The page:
Steven Muller, who passed away on Saturday, January 19, was the tenth president of The Johns Hopkins University, serving from 1972 until his retirement in 1990. Prior to coming to Hopkins, Dr. Muller had a varied and interesting life, to say the least. Born in Hamburg, Germany, to a Jewish father and a Catholic mother, his father was arrested by the Nazis and sent to a concentration camp. Because his father was a decorated veteran of World War I, he was released from imprisonment, and the family emigrated to Britain in 1939, just weeks before Germany invaded Poland.

Muller’s family eventually settled in Los Angeles and Muller landed several small movie roles prior to graduating from UCLA in 1948. He studied in Oxford under a Rhodes Scholarship, and then earned his doctorate from Cornell in 1958. He returned to Cornell a few years later as a faculty member in political science then became vice president for public affairs.

In 1971, Muller was chosen Provost at Hopkins, to work under President Lincoln Gordon. While still dividing his time and traveling between Cornell and Hopkins, he heard on his car radio that President Gordon had resigned without prior notice. Reportedly, his first thought upon hearing that was, “OK, now what?” The trustees asked Milton Eisenhower, who had retired from the presidency in 1967, to return. Eisenhower agreed, but only until a successor could be found, and he expected the search to be expedited. Eisenhower must have liked his provost, because Muller’s “provostship” became an apprenticeship to the next level. After only ten months as Provost, the trustees named Dr. Muller to succeed Milton Eisenhower.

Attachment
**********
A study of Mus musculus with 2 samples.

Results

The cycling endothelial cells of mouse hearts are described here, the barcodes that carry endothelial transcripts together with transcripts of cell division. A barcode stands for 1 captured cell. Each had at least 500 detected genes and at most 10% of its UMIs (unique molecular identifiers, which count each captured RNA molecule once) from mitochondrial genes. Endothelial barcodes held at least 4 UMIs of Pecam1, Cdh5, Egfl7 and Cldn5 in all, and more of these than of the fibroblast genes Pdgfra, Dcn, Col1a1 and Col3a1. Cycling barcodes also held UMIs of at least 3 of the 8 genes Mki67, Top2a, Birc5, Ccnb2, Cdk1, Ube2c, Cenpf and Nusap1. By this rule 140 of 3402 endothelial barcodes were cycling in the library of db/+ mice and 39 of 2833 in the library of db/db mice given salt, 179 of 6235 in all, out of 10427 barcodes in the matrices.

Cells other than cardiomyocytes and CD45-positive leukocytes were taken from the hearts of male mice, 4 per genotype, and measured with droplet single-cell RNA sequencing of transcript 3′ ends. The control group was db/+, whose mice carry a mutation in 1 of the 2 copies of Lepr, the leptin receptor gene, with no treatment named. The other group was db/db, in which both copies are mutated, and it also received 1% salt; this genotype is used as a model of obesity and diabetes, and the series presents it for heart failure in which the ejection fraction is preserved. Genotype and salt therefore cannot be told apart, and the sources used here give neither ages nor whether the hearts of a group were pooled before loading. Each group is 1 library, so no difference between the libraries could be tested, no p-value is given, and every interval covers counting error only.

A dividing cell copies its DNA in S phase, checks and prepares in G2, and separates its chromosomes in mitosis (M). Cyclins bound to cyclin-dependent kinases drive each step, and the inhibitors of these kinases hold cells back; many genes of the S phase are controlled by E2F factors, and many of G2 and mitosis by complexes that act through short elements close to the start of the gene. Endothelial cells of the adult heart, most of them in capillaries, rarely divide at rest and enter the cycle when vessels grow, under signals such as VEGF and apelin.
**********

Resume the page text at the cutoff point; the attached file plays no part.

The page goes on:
Dr. Muller presided over eighteen years of expansion, both of programs and of buildings. Nine major buildings were constructed at Homewood during his presidency. He was instrumental in founding the Nanjing Center, in partnership with Nanjing University, and he was the driving force behind NASA selecting Hopkins as the site for a new Space Telescope Science Institute, headquarters for the Hubble Space Telescope. Students nicknamed him, “The Man with the Tan,” due to his bronzed appearance.

He retired in 1990 after eighteen years as president, the second-longest tenure in University history, behind only Daniel Coit Gilman’s twenty-five years. He founded the American Institute for Contemporary German Studies in affiliation with Hopkins in 1983, and remained associated with AICGS in retirement. He was also the second University president to serve as President of The Johns Hopkins Hospital (the first since Gilman).

On a personal note, one of the first projects I worked on after joining the University Archives in 1983 was processing the archival records of the Office of the President, including the office records covering the first ten years of President Muller’s tenure. It was a great opportunity to see behind the scenes how the office worked and how decisions were made.